I quit my first teaching job after three months to begin working where I currently work. Let me dispel initial reactions: It wasn’t the kids. It wasn’t my colleagues. It wasn’t because I was completely unhappy. It wasn’t a horror story about a dysfunctional school district that was hemorrhaging staff left and right. I was fresh out of college and saddled with more student loan debt than my part-time salary, and I
wanted needed a full-time teaching position. Regardless of
the amount of time I spent there, those students taught me some invaluable
lessons that have shaped my teaching life since then.
My first position was at a nearby international baccalaureate school where nearly half of my students were Muslim. At a time when too many conversations are dominated by declarations about what Muslims are and are not and the same conversations allow little room for inquiry in order to develop an understanding, I emailed Cindy about writing about this topic in order to share what these students, many of whom happened to be Muslim, taught me about teaching and about life. This is what I learned:
My students were passionate about all aspects of life: their friends, their families, their religions, their hobbies, their school.
My students challenged me to provide real, authentic contexts for reading and writing.
My students sought feedback on their assignments that would help them improve.
My students had individual stories, which I would grow to learn more about over time and made me appreciate them even more for the unique individuals they are.
My students believed in mutual respect and, once earned, would do anything I asked of them.
My students pushed my boundaries and buttons in order to see me react.
My students looked at me as a mentor, as someone who they could look up to and ask questions both about content and about life. (To this day, students ask if I went to any "clubs" in college. I always tell them about the "book club.")
My students were conditioned to being told what to write, and I had to work extra hard to encourage them to write something meaningful rather than forced.
My students had parents and other adults in their lives who cared about their academic, social, and personal development, even if I always didn't think they did.
My students were concerned about their futures. Some knew they would end up in college, and others were uncertain.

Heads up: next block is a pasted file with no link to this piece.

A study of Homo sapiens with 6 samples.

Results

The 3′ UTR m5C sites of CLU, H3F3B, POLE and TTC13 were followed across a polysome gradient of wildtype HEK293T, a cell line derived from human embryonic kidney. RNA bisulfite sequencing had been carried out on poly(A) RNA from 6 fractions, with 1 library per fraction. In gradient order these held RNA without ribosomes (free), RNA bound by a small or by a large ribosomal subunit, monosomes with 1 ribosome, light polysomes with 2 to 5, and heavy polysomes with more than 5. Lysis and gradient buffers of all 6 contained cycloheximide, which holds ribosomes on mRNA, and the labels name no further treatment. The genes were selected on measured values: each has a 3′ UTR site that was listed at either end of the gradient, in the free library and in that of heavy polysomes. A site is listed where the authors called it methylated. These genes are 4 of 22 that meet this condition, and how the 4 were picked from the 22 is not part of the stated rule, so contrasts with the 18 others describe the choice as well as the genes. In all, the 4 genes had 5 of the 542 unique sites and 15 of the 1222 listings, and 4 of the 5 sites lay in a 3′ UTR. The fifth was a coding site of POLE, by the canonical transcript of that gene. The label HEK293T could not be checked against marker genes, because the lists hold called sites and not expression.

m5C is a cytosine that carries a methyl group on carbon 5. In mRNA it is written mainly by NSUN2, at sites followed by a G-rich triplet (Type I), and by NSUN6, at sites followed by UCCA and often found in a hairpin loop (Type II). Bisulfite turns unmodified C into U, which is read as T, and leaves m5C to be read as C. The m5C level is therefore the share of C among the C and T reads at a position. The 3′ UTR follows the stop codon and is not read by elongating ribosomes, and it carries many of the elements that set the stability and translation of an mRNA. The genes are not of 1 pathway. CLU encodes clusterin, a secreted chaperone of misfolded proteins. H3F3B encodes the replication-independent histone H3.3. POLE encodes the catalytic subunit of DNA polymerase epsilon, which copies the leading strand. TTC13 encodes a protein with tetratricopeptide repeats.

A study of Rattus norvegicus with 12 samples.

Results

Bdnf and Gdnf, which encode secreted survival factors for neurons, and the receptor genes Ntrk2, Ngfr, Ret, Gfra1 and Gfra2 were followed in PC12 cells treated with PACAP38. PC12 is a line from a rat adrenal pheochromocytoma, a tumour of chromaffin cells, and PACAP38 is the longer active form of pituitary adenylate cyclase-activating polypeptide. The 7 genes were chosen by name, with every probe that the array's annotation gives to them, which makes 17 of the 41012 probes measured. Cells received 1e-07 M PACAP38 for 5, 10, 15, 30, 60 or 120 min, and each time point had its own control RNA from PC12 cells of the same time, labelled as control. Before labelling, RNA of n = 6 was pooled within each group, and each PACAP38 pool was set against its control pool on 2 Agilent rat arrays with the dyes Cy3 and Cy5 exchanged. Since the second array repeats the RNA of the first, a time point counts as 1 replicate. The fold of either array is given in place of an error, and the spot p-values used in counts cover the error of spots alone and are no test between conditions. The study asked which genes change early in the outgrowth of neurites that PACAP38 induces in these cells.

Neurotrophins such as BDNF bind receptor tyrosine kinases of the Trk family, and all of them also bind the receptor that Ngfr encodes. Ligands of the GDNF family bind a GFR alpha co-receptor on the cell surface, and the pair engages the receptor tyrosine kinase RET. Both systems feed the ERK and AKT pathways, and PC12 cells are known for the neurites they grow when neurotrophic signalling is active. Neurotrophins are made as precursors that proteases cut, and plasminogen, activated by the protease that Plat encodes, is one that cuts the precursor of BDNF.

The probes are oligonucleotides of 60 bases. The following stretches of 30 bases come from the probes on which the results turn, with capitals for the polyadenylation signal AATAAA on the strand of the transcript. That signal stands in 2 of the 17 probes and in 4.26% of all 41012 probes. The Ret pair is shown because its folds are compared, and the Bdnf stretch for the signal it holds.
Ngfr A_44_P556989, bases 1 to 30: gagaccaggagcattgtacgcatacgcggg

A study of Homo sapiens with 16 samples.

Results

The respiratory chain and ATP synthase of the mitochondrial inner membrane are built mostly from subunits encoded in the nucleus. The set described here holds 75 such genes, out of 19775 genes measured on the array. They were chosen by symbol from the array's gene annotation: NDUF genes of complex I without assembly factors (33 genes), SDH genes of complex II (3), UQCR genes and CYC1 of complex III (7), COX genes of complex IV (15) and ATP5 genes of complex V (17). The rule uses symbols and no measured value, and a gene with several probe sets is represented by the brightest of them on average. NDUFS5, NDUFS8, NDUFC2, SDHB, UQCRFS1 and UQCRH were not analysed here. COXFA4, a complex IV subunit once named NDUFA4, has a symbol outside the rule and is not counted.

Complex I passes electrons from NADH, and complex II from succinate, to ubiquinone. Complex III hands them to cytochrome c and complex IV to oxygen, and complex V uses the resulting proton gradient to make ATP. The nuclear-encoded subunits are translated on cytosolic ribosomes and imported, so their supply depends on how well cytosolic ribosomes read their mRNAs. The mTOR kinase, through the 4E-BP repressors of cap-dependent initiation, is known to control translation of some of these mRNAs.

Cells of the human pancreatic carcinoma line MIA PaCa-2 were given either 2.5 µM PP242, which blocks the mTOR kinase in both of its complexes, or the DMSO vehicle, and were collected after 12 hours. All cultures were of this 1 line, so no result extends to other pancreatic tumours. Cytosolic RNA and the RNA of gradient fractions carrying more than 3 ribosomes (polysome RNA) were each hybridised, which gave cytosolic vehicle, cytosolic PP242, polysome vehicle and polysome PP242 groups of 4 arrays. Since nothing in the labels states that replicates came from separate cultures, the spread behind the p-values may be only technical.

My students had disagreements with other teenagers that resulted in anger, frustration, and friendship.
My students worried about homework, their grades, and being good enough. They worried about demands they placed on themselves, the school placed on them, and those placed by others.
My students would take a project and “run with it” if I gave them the freedom, support, and encouragement to make something meaningful.
My students evoked my emotions through a good piece of writing or a moment of keen thinking in class. There were so many times when they gave me goosebumps or brought tears to my eyes.
Looking back over what I’ve listed above, it’s not different in any way than my students right now. They’re teenagers. That’s it. And they managed to help me understand that during a time when so many express their ignorance about other cultures and religions through messages of hate.
I can only imagine what many of my former students have to endure on a daily basis right now. I can only vow to use that experience in my current position and share that experience with students I currently teach.
When writing this post, I stumbled upon an email from March 2013, an email received months after I had left this position. The student emailed me covertly, pretending to be a current student that was asking about grammar help. When I figured him out, he responded:
Believe me kid, not a day goes by that your teachers don’t worry or think about you too.